Work on the new Orange County Museum of Art in Costa Mesa, CA is nearing completion, with opening day anticipated for Fall 2022. The state-of-the-art 53,000 sq. foot building – designed by Thom Mayne of Morphosis – is twice the size of the museum’s former location in Newport Beach.
The move places the museum right in the middle of the region’s premier cultural campus, the Segerstrom Center for the Arts, which will offer the OCMA a bustling central location, expanded gallery space, and plenty of inviting public gathering areas.
The intricate curves of OCMA’s exterior are its signature gesture. A distinctive façade featuring undulating bands of terra cotta wraps around the building and continues inside, beckoning visitors to enter. Boston Valley worked closely with Morphosis to design and fabricate this façade, guided by a shared willingness to push the forming capabilities of the material.
“The terra cotta is like a fabric woven through the building. It’s a continuous strip that starts at the end of the upper façade on the terrace and weaves into the lobby, down through the atrium and across the front.”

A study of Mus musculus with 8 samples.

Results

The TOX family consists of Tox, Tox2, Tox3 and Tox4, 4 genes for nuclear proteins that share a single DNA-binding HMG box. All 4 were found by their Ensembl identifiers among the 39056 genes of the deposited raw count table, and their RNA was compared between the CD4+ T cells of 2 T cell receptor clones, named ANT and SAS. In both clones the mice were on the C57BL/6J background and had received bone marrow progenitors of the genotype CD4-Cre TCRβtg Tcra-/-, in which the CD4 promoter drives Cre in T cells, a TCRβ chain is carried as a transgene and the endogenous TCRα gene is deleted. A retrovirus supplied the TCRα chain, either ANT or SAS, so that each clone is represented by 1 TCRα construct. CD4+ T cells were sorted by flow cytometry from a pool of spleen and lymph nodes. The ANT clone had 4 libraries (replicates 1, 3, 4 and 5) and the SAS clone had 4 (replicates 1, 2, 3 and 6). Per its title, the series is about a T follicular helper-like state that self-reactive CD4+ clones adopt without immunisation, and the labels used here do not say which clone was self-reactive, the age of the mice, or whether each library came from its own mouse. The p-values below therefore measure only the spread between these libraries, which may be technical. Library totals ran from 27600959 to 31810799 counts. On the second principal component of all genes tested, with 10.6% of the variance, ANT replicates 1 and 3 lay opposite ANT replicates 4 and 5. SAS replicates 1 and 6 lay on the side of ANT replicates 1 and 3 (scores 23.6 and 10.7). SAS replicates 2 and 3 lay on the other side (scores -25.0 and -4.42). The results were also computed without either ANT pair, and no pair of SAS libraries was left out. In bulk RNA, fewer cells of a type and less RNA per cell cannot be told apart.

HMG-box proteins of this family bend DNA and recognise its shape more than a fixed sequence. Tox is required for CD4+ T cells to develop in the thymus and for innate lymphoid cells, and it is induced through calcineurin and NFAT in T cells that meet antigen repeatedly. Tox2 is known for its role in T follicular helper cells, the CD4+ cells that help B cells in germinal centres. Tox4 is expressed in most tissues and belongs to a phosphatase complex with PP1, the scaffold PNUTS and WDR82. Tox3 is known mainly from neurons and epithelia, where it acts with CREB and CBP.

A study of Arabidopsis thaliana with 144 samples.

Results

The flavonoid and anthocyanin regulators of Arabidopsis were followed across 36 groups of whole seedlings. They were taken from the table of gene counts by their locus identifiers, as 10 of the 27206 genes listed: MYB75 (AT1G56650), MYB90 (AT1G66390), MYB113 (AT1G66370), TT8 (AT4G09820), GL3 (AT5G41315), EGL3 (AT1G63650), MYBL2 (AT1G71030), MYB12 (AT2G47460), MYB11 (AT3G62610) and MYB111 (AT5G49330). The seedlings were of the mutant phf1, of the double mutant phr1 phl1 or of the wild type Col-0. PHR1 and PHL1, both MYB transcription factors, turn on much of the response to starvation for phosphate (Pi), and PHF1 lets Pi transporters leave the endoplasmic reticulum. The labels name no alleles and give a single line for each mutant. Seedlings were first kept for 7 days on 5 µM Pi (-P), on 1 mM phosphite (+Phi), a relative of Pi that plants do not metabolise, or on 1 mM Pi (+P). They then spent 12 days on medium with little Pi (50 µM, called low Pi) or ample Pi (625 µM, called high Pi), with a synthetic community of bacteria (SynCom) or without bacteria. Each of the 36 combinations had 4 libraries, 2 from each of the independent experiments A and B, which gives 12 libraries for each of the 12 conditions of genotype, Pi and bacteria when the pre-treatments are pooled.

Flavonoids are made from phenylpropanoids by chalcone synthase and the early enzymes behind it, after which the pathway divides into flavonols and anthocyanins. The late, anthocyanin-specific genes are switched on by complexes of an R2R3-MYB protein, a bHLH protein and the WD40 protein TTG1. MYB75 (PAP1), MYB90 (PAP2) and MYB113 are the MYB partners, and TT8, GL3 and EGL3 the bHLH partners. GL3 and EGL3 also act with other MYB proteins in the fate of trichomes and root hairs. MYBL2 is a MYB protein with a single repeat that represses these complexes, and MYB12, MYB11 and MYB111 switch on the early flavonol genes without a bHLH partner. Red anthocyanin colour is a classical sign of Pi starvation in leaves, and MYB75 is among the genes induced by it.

– Brandon Welling, Managing Principal – Morphosis
At the ACAWorkshop in 2017, Stan Su led the Morphosis team as they explored the viability of using curved terra cotta panels in a hot, arid environment – a concept that would later evolve into the OCMA design. Stan Su and Erik Verboon will be presenting the process and results of this exploration in their opening keynote at ACAW 2022, titled “Orange County Art Museum, From ACAW to Reality.”
Boston Valley manufactured the curved forms by post-processing terra cotta panels to create a smooth transitional wave. Most of the building’s complexity centers on the north side, with a series of swoops encasing the classroom and performance space on the terrace level.
In addition to the inherent flexibility of the material that allowed us to achieve this design, the thermal mass and evaporative cooling potential of architectural terra cotta also make it an ideal choice for the dry, sunny climate of Southern California. Extensive studies and a full-scale mockup of the project were completed as proof of concept, demonstrating that terra cotta’s environmental responsiveness could not be matched by metal and other materials.